Poetry readings have been held every month at the Black Duck and in other venues in Astana for the better part of a year. This one, “Let Me Fly,” featured paper planes with Demeisenova’s poems printed on them and began with a violin performance by Alina Guchshina, who often accompanied the poet as she read.
“I started to make up poems before I learned how to read,” Demeisenova said in her introduction. “By the time I reached the second grade, my mom took me to the Shuchinsk district newspaper editor, Stepan Avdeyuk, who became my first critic and tutor. The newspaper became the first place I could be published. My first poems were about nature. I was born in the beautiful Borovoye area and it was impossible for me not to write. Everything I write is closely related to my life.”
The first part of the event was mostly dedicated to lyrics and violin music. Demeisenova made the event interactive, giving guests papers on which to write questions or wishes. They could also fly paper planes containing poems they wanted to hear read. Some of the poets at the reading made up poems dedicated to Demeisenova on the spot.
“The evening was held in a romantic atmosphere matching Aliya … . When you hear a serious comparison of happiness with a cat, you start to think about what happiness means. It may be loneliness or its absence; it may be the city where one wants to live and love; it may be people whom you change and who change you,” said Liya Tarazi, another young poet from Astana.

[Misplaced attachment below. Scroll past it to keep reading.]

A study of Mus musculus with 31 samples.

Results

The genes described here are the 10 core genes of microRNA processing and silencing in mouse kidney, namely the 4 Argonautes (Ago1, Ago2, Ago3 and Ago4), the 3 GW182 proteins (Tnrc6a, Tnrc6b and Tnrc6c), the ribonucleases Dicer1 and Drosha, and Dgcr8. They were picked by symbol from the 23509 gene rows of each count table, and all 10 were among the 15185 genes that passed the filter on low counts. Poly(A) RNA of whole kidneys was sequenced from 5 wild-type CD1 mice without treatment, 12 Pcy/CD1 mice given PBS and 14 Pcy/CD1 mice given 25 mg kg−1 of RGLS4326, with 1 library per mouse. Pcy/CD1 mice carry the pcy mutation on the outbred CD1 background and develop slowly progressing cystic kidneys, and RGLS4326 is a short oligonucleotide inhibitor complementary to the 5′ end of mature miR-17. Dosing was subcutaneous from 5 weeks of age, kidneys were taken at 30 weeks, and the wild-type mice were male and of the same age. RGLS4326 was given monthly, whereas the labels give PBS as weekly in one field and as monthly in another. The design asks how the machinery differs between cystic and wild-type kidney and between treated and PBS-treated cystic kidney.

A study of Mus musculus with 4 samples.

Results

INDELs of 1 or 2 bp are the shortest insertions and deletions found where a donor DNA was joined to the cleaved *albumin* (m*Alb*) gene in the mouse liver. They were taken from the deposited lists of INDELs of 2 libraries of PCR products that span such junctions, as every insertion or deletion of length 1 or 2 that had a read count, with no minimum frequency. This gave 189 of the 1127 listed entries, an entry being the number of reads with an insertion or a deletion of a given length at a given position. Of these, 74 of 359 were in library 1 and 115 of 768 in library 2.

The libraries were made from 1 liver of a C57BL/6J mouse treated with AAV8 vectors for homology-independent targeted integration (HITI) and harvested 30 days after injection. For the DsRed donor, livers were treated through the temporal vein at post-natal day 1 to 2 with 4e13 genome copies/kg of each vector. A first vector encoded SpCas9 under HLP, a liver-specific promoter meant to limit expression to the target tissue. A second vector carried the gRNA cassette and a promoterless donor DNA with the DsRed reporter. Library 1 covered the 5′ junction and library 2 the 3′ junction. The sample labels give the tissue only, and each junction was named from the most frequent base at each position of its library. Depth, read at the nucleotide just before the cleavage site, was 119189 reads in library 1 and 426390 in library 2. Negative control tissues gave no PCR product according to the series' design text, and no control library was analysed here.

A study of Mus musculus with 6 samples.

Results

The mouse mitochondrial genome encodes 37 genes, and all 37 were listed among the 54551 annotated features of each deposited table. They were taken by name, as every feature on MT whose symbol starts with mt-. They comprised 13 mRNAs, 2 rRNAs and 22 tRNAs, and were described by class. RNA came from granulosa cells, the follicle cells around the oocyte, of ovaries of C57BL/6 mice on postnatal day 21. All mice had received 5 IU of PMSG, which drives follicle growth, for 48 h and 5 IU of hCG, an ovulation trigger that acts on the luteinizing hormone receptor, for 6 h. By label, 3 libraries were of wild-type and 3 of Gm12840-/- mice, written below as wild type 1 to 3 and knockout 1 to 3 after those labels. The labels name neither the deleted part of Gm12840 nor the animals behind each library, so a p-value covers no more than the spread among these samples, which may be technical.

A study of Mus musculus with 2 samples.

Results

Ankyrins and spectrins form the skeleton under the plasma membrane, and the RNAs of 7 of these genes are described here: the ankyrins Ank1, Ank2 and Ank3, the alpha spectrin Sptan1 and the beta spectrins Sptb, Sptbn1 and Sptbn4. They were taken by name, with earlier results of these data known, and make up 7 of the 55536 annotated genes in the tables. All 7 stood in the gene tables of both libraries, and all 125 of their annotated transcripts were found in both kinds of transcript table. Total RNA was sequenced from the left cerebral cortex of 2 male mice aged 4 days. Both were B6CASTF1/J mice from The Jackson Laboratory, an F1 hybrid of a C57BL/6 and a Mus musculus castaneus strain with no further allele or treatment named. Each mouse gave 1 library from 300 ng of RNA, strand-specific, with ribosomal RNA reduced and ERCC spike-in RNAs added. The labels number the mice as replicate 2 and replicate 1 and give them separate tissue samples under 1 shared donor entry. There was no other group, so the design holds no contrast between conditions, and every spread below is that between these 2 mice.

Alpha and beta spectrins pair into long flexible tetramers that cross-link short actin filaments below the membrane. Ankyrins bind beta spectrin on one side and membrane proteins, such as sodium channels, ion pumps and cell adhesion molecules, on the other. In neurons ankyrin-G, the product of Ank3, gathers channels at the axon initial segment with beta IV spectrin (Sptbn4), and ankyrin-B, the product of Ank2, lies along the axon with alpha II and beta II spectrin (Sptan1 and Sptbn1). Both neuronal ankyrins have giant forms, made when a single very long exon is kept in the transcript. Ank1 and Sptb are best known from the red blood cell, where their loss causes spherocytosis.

Closing the event, Demeisenova revealed the meaning of the event’s name. “It’s not true that some people are born to creep and others to fly. All of us come to this world with wings, but everyday fuss, concerns, problems and limits that we set ourselves throw us back on earth. Don’t let anyone stop your flight. Fly, create and believe in wonder.”
Demeisenova’s benefit evening was the second in a number of upcoming benefit evenings. The benefit evenings are held as part of the monthly series of poetry readings that began in March 2013. In the future, organiser Yelden Sarybay plans to publish poems by contributors and also have them translated into other languages.